Career advancement should be made available for all employees, regardless their genders. However, with the glass ceiling phenomenon persists, support initiatives are needed to help women grow at work.
During the second Conversations on Women’s Development dialogue which was held virtually by the Singapore Council of Women’s Organisations, a participant said that formal and informal mentorship and support networks in the workplace would provide a boost to women in their career development.
According to the Minister of State for Social and Family Development Sun Xueling, formalising mentorship programmes in organisations could help develop a pipeline of women leaders.
“Through such programmes, employees who are women in the company can benefit from exchanges, knowledge sharing and also plugging into networks, which will be beneficial for their personal development,” she said.
Formal programmes to help women ease back into the workplace after they have spent some time away is also something which should be actively thought about. Ms Sun added that these can be done in partnership with companies, the Straits Times reports.
Several dialogue participants feel the presence of informal support networks would help women in the workplace, said Ms Linda Schindler, a board member of the American Women’s Association. It would help that “we know that other women are going through the same thing and you don’t have to feel guilty that you can’t do it all, (and to know) how other women are dealing with the different challenges they are facing”, she said.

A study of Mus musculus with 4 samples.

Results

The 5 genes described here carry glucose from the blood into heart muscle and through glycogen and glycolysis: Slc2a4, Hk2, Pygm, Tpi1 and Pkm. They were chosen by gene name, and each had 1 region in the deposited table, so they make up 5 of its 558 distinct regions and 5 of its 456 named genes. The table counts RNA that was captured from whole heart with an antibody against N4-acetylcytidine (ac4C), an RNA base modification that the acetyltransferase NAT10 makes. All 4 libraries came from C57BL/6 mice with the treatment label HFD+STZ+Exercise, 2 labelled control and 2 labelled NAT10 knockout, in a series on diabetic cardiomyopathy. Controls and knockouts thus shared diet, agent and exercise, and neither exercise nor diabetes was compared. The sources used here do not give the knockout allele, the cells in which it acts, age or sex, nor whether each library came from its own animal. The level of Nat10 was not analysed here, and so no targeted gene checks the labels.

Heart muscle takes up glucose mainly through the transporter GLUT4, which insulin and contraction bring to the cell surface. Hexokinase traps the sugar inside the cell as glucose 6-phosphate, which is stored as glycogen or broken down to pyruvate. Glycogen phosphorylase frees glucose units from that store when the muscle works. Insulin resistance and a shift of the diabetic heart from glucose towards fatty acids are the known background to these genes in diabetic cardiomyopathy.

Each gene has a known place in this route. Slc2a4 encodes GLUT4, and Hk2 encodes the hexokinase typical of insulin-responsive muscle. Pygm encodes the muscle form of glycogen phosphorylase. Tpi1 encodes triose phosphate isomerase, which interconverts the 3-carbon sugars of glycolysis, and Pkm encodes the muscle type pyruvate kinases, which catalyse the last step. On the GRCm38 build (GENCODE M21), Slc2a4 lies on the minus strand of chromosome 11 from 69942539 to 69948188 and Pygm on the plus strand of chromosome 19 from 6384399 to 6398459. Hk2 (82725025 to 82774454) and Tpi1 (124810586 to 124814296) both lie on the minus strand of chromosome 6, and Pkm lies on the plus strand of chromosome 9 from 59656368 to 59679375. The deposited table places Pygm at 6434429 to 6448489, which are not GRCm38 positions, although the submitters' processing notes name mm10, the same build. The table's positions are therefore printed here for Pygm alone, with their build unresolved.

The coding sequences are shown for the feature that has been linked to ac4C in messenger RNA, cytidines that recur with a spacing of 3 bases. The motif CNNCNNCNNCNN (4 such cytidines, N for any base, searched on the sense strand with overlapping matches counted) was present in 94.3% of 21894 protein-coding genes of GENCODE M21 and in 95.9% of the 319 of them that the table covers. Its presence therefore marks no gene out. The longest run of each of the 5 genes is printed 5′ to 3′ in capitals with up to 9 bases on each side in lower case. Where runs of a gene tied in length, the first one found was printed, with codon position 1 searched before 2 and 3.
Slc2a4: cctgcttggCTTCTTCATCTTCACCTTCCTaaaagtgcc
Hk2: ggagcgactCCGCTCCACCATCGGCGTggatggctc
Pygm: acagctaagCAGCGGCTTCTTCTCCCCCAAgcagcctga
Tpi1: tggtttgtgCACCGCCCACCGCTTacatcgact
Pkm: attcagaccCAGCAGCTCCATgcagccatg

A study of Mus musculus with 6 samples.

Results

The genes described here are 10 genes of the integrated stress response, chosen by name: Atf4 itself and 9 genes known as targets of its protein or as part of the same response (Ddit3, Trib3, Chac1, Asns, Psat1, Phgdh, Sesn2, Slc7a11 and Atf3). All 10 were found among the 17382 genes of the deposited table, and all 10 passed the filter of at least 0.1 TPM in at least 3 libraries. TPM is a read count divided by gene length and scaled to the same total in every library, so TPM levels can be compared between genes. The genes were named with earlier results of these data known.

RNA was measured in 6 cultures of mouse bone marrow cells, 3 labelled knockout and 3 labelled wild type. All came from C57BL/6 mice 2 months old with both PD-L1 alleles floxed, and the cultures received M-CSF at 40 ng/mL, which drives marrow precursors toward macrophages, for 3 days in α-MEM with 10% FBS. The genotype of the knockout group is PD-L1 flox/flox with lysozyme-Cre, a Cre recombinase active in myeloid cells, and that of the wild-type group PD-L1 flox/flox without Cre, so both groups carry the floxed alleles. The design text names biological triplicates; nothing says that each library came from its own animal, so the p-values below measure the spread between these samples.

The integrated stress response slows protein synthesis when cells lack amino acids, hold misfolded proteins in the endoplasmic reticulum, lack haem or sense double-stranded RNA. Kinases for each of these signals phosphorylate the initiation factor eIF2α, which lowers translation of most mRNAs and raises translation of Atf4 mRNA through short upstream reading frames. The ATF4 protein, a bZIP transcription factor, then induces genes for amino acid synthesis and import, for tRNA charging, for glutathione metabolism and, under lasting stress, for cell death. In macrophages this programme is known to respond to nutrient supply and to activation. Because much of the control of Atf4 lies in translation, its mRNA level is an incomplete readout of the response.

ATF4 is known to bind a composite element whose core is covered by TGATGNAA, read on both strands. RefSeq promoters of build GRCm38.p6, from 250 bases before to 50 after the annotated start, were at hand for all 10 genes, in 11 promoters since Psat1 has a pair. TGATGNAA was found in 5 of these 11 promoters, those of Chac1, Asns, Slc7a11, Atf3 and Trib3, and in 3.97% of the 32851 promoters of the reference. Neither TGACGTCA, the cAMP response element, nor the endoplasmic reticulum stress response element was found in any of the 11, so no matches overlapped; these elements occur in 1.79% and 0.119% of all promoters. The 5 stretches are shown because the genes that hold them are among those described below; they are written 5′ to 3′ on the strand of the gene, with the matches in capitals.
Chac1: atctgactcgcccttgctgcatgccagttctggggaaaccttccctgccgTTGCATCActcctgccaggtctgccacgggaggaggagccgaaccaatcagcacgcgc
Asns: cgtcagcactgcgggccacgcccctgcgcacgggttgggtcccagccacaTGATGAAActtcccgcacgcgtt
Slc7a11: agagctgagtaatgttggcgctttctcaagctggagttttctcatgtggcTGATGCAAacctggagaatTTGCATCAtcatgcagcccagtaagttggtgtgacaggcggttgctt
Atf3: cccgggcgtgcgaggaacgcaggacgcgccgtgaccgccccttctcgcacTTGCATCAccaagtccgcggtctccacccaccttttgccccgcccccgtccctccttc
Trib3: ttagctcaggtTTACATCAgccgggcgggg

Commenting on this, Ms Sun said that informal networks could have an important role to play in the community. These could allow women to offer advice and support to one another during transition periods of their lives, such as when their children are going to start school, and this could help them address challenges that they face, she added.
Ms Harmin Kaur, a board member at United Women Singapore, said that participants also discussed the importance of being aware of how unconscious biases start from a young age.
“The suggestion was to have school teachers, early childhood educators, be trained to recognise unconscious biases in themselves, so that they can recognise it when it happens in the classroom because it is not always overt,” she said, adding that this would allow them to intervene when necessary.